For Those Who Still Can't See That Harper Is Eroding Our Democracy And Personal Security ....
During the last federal election campaign, Prime Minister Stephen Harper vowed to combine 11 separate crime bills into one omnibus piece of legislation and pass it within 100 days of taking power should his Conservative Party win a majority.
Having achieved that victory on May 2, advocacy groups, digital policy experts and opposition Members of Parliament have since raised alarm bells over one provision of the catch-all crime bill in particular, known as “Lawful Access” legislation.
Lawful Access legislation, they argue, would require Internet Service Providers (ISPs) to disclose customer information to law enforcement without court orders and to invest in new technologies allowing for real-time surveillance of their networks.
Critics argue the new legislation will grant police new powers to obtain access to that surveillance data.
“This legislation is going to be expensive, excessive and really it is quite bizarre in terms of the kind of warrantless surveillance [the government] wants to impose on Canadians,” said Steve Anderson, executive director of Vancouver-based advocacy group OpenMedia.ca.
“I think people are rightfully upset about that.”
More than 28,000 Canadians signed OpenMedia’s Stop Online Spying petition when the website first launched on Wednesday, more than any of the group’s previous petitions ever received on their first day. By comparison, nearly 500,000 people in total joined OpenMedia’s last major petition to oppose industry-wide usage-based billing (UBB) policies for Canadian Internet service.
“For all Canadians, [lawful access] will mean that a fundamental privacy principle will have been broken,” said Michael Geist, a law professor at the University of Ottawa who holds the Canada Research Chair of Internet and E-commerce law.
“At the moment, our law is clear that mandatory disclosure of personal information requires court oversight. Lawful access will remove this requirement and require disclosure in some circumstances.”
Requiring ISPs to invest in new surveillance technologies to make real-time monitoring possible, which Mr. Anderson said will run into the “millions of dollars,” is another point of concern among the proposed law’s opponents.
“That cost will be passed on to us,” Mr. Anderson said.
“Either as consumers or taxpayers we will be subsidizing [an] invasion of our privacy.”
Critics contend that such laws will actually contribute very little to helping police apprehend suspected criminals.
“There has been no documented cases where police were not able to catch a criminal because they didn’t have this warrant-less, invasive surveillance,” said Mr. Anderson.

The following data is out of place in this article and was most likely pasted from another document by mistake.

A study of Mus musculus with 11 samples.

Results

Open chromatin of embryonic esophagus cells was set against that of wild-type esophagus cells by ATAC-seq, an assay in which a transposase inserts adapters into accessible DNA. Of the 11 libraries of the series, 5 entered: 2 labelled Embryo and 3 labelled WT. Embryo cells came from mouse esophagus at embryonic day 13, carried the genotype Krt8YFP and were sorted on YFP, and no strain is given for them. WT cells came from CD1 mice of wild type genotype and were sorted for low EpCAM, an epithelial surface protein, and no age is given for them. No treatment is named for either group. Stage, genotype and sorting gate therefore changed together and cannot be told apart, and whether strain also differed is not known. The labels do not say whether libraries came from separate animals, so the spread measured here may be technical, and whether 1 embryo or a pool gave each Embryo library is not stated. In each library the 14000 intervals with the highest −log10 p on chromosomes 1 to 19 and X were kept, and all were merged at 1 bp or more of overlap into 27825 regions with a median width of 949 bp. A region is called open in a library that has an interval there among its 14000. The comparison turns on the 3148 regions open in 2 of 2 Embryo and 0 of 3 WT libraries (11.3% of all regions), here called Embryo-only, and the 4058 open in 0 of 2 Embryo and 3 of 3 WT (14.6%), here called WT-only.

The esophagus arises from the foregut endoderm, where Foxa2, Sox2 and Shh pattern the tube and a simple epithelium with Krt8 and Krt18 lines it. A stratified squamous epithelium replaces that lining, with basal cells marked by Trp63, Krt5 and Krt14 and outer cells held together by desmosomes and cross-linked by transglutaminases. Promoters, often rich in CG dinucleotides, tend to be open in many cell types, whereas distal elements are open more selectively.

There was one instance Prof. Geist recalled when Peter Van Loan, former Public Safety Minister, raised a Vancouver kidnapping as an example of a crime that might have been solved had police been given the authority to monitor Canadian Internet users.
“But I launched an Access to Info request and found that it had nothing to do with the Internet,” he said.
In a letter sent to current Public Safety Minister Vic Toews on Friday, two Members of Parliament with the federal New Democratic Party joined OpenMedia’s coalition of more than 30 rights groups and various Privacy Commissioners urging the government to reconsider the implications of lawful access. Among other things, the two MPs contend the law would violate Canada’s Charter of Rights and Freedoms.
“Allowing security services to engage in unchecked fishing expeditions on private citizens will certainly put individual rights and liberties at risk,” wrote Charlie Angus and Jasbir Sandhu, NDP digital issues and public safety critics, respectively.
“What is even more disturbing is the fact that the bill does not limit in any way the reasons for which an official or other security official might make such a demand.”
In a statement sent to the Financial Post via email Friday evening, a spokesperson from Public Safety Canada said the legislation follows similar policies recently adopted by other countries such as the United States, Australia, Germany and Sweden.
“The former Bill C-52, the Investigating and Preventing Criminal Electronic Communications Act, was created to help keep Canadians safe from those who would use communications technology in their pursuit of criminal or terrorist activities while not infringing on the Rights of law abiding Canadians,” the statement said.
“This Government is committed to providing law enforcement and national security agencies with the tools they need to prevent, investigate and prosecute serious crimes, including terrorism, in today’s modern and fast-paced technological environment.”